Simple PRG subroutines of the universe may not necessarily be easy to find. For instance, the second billion bits of 's dyadic expansion ``look'' highly random although they are not, because they are computable by a very short algorithm. Another problem with existing data may be its potential incompleteness. To exemplify this: it is easy to see the pattern in an observed sequence . But if many values are missing, resulting in an observed subsequence of, say, 7, 19, 54, 57, the pattern will be less obvious.
A systematic enumeration and execution of all candidate algorithms in the time-optimal style of Levin search [#!Levin:73!#] should find one consistent with the data essentially as quickly as possible. Still, currently we do not have an a priori upper bound on the search time. This points to a problem of falsifiability.
Another caveat is that the algorithm computing our universe may somehow be wired up to defend itself against the discovery of its simple PRG. According to Heisenberg we cannot observe the precise, current state of a single electron, let alone our universe, because our actions seem to influence our measurements in a fundamentally unpredictable way. This does not rule out a predictable underlying computational process whose deterministic results we just cannot access [#!Schmidhuber:97brauer!#] -- compare hidden variable theory [#!Bell:66!#,#!Bohm:93!#,#!Hooft:99!#]. More research, however, is necessary to determine to what extent such fundamental undetectability is possible in principle from a computational perspective (compare [#!Svozil:94!#,#!Roessler:98!#]).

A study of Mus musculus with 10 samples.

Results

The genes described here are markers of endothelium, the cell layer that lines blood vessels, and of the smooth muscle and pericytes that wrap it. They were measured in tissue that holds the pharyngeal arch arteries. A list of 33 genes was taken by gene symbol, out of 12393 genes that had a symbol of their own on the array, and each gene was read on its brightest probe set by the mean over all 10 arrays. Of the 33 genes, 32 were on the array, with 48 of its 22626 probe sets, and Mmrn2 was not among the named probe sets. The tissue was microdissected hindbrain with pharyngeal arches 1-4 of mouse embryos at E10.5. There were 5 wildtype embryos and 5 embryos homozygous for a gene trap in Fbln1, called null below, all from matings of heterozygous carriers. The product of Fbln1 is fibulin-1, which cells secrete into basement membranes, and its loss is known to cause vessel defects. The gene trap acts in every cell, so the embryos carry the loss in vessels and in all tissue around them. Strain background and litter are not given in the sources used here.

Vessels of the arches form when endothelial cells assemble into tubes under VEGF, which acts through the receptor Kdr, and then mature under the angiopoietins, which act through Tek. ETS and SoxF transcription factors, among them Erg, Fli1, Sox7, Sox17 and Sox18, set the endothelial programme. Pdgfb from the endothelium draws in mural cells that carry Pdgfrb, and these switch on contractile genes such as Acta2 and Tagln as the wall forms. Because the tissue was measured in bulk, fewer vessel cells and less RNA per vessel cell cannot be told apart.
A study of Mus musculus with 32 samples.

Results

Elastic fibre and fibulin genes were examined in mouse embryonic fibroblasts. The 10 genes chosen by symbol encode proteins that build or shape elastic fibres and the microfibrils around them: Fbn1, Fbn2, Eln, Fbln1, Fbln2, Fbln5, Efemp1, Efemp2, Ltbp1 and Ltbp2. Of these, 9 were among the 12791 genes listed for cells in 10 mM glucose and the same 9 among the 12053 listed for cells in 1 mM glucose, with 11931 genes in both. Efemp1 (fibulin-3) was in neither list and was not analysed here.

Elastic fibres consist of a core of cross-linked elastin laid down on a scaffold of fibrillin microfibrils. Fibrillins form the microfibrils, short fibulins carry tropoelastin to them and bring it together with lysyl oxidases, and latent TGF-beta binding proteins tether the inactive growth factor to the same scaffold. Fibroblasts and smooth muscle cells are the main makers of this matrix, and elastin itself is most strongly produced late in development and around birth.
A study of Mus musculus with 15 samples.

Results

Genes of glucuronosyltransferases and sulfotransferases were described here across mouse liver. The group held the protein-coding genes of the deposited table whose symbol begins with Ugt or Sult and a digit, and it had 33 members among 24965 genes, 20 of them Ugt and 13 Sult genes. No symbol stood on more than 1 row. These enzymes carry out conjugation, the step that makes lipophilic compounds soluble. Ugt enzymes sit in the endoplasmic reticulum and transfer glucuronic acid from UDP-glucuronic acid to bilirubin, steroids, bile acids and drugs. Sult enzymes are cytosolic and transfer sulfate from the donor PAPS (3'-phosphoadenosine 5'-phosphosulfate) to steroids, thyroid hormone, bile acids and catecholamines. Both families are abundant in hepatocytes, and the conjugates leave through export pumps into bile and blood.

For now there is no reason why believers in S should let themselves get discouraged too quickly from searching for simple algorithmic regularity in apparently noisy physical events such as beta decay and ``many world splits'' in the spirit of Everett [#!Everett:57!#]. The potential rewards of such a revolutionary discovery would merit significant experimental and analytic efforts.